The anterior cruciate ligament (ACL) is the major stabilizing ligament of the knee which prevent leg bone slipping anteriorly. The ACL is located in the center of the knee joint and runs from the femur (thigh bone) to the tibia (leg bone), through the center of the knee. It is very important for daily activities like stepping, jumping and sports.
Mode of ACL Injury
Usually the tearing of the ACL occurs with a sudden direction change or when a deceleration force crosses the knee. The patient often feels or hears a popping sensation, has the rapid onset of swelling, and develops a buckling sensation in the knee when attempting to change direction
During the medical history, your orthopedic surgeon will ask about your general health and will ask you about your symptoms. A physical examination will be done to assess the motion and stability and muscle strength of the knee as well as the overall alignment of the leg. X-rays will be done to evaluate the bones of the knee. Your orthopedic surgeon may also arrange for you to undergo magnetic resonance imaging (MRI) to provide more information about the soft tissues of your knee. Blood tests may be obtained.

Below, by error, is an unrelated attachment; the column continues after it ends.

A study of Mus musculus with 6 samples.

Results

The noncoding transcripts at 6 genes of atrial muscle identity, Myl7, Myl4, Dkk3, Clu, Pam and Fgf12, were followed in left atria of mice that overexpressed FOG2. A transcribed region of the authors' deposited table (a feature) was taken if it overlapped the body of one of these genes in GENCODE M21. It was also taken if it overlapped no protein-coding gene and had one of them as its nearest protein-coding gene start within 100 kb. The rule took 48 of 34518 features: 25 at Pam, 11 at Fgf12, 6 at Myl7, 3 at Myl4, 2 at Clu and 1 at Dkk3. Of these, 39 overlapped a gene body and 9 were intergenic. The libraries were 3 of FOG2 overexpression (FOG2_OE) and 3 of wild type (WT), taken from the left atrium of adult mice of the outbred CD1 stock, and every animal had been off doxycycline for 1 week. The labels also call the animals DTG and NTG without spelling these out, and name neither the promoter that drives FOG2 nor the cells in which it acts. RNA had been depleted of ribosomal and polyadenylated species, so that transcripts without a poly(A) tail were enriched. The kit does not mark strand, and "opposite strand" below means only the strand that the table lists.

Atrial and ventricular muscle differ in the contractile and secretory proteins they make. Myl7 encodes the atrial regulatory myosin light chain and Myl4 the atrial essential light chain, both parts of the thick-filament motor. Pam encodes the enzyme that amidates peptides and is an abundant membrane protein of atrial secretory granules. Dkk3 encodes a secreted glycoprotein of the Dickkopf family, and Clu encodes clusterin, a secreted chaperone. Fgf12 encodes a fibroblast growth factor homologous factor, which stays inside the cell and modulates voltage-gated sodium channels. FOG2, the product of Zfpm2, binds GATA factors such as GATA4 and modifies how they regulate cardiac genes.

- Holes are drilled in the femur and tibia
- The graft is passed through the drill holes to replace the torn anterior cruciate ligament.
- The graft ends fixed with in place with screws.
Post Operative Rehabilitation
Post operative period should be followed by a standard rehabilitation protocol. Our institute is having a rehabilitative gym, governed by well trained physio-therapist.
Complications are rare but the possibilites include
- Accidental damage to structures inside or near to the joint.
- Excessive bleeding inside the joint which can cause a lot of swelling and pain.
- Infection within the joint.
- Risk of allergy to local anaesthetics, or complications of anaesthesia if a general anaesthetic is used.